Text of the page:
Windows Maps app update is all about making your life easier
We all know that Microsoft has been trying to make Windows 10 Maps a usable app by adding new functionality and improving the map control ever since HERE pulled support from Windows 10. To that end, the technology giant has just announced new updates in the map platform, and it’s definitely worth your attention.
So, what does Windows 10 Creators Update actually contain?
To begin with, the look is a lot more clean and sharper than its previous avatars. The readability of the labels is now improved and the color scheme has also been tweaked somewhat. Using data from both HERE and Bing Maps, the updated map engine brings 3D experience to Road view — making everything look more realistic. Also, Microsoft has made traffic information available through the new traffic view feature.
Here are some of the other new developments that have got us excited:
- Create routes with multiple stops: Google has had this feature for quite some time now, but Windows Maps direly needed it. So, the latest app update lets you create multi-stop trips with driving and walking directions. You can add destinations from the directions search or by right-clicking on the map and using the context menu to quickly add locations from the map, says the blog post detailing the update.
- Ink on aerial mode: You can now add annotations to the map or trace lines on the map, just like you would have done with a pen and a paper, changing the color and size of the text, or erasing things. This would allow you to do plenty of personalized, useful stuff, like mark out a lunch spot, or calculate the distance quickly or work out directions.
- Create your own collections: To get even a better flavor of customization, you can now list out your to-go places or dinner options you want to check out as Collections. This feature goes a step beyond marking a place as a Favorite (which you could do earlier also) because you can specify places according to area of interest, and better remember why you saved that particular place.
- Accessibility for Xbox and HoloLens: Now, this is one of the bigger updates that all your searches and saved places will now be available across the Windows devices ecosystem. We are not just talking PCs and phones, but also Xbox and HoloLens, where the Maps app is available as part of the Creators Update. The map platform is also available on IoT devices, we are told.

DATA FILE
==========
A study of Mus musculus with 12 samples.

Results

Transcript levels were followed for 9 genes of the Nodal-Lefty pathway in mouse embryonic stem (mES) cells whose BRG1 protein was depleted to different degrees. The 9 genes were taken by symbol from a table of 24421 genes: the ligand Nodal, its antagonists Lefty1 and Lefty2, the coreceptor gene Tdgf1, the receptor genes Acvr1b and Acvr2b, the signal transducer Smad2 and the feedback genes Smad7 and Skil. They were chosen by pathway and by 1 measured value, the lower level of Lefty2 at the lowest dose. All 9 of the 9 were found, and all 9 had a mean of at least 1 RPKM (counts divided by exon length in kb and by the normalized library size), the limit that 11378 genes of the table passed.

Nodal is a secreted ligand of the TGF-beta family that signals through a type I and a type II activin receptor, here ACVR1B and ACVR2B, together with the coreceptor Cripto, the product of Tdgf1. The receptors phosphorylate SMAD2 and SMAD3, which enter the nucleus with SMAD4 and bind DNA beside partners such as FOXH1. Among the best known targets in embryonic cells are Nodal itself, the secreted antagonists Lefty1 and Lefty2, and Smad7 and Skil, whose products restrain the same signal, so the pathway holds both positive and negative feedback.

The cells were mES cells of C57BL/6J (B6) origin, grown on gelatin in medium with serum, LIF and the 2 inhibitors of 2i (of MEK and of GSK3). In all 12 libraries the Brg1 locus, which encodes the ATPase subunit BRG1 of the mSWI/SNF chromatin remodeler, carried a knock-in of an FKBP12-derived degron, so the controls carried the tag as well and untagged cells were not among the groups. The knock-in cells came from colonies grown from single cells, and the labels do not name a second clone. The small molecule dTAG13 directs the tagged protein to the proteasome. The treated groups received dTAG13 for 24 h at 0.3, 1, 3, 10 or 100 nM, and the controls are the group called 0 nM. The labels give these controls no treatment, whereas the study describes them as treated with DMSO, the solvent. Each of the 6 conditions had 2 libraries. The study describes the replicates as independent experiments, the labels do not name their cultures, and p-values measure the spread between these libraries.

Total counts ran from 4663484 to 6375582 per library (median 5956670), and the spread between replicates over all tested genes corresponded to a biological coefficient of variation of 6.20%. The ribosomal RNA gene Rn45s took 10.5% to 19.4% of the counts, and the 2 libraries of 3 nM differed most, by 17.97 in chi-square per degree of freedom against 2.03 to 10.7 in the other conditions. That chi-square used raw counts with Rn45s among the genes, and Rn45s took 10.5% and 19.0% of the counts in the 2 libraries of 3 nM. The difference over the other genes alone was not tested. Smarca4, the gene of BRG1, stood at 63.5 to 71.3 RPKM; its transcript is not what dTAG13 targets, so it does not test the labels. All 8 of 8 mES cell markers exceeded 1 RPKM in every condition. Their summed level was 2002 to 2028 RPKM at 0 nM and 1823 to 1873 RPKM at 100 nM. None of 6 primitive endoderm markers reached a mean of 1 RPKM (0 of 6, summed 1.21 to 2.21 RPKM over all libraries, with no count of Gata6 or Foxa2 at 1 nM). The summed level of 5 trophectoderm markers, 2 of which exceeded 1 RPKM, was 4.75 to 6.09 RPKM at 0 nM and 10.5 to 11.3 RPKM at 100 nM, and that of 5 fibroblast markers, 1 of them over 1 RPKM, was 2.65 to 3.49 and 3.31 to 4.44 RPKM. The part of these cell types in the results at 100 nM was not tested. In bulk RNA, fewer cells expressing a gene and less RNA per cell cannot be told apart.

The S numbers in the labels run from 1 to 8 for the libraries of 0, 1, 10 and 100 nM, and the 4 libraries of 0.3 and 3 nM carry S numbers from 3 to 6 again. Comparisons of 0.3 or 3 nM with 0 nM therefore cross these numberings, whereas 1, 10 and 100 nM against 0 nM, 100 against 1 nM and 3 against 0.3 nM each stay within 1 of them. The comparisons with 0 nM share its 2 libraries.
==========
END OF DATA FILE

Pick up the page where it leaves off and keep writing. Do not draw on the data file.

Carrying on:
You can read more about all the available updates here. Do let us know your feedback in the comments below!
Google Maps goes on deep learning diet to update addresses
When Google first introduced Street View, all it wanted to do was to provide panoramic views of the real world in its Maps. But then, as mobile devices and Google Maps shot up in popularity, the value of local search became obvious. And Google, as expected, became obsessed with providing accurate listings of local businesses across the world. In its possession were billions of high-res images captured by its Street View cars. But, who would analyze them? The task just didn’t seem humanly possible.
Enter, the wonders called machine learning and computer vision.
Today, after almost a decade of research, Google’s algorithm has become so perfect that over one-third of addresses globally have had their location improved through deep learning technology which recognizes text in its natural environment.
Google revealed in a blog post that this algorithm achieved an accuracy score of 84.2% on the very tricky French Street Name Signs dataset, which comprises of more than 1 million street names. This result is a radical improvement over earlier state-of-the-art systems. So much so, it has led to improvement in over 90% of the addresses in Brazil!
Google says, “Now, whenever a Street View car drives on a newly built road, our system can analyze the tens of thousands of images that would be captured, extract the street names and numbers, and properly create and locate the new addresses, automatically, on Google Maps.”
But, automatic address generation still doesn’t solve the purpose of local search – providing navigation to businesses by their name. So, the search engine giant proposed one more approach that would read store-front signs in Street View images. This model was trained extract ‘structured text’ from the imagery – meaning it would only keep that text which is relevant.
And here comes the cherry on the deep learning cake. Google has announced that it has opened the algorithm behind this model to the general public on GitHub through Tensorflow. This means, any developer can use it for automatic extraction of information from geo-located imagery. Go nuts, guys!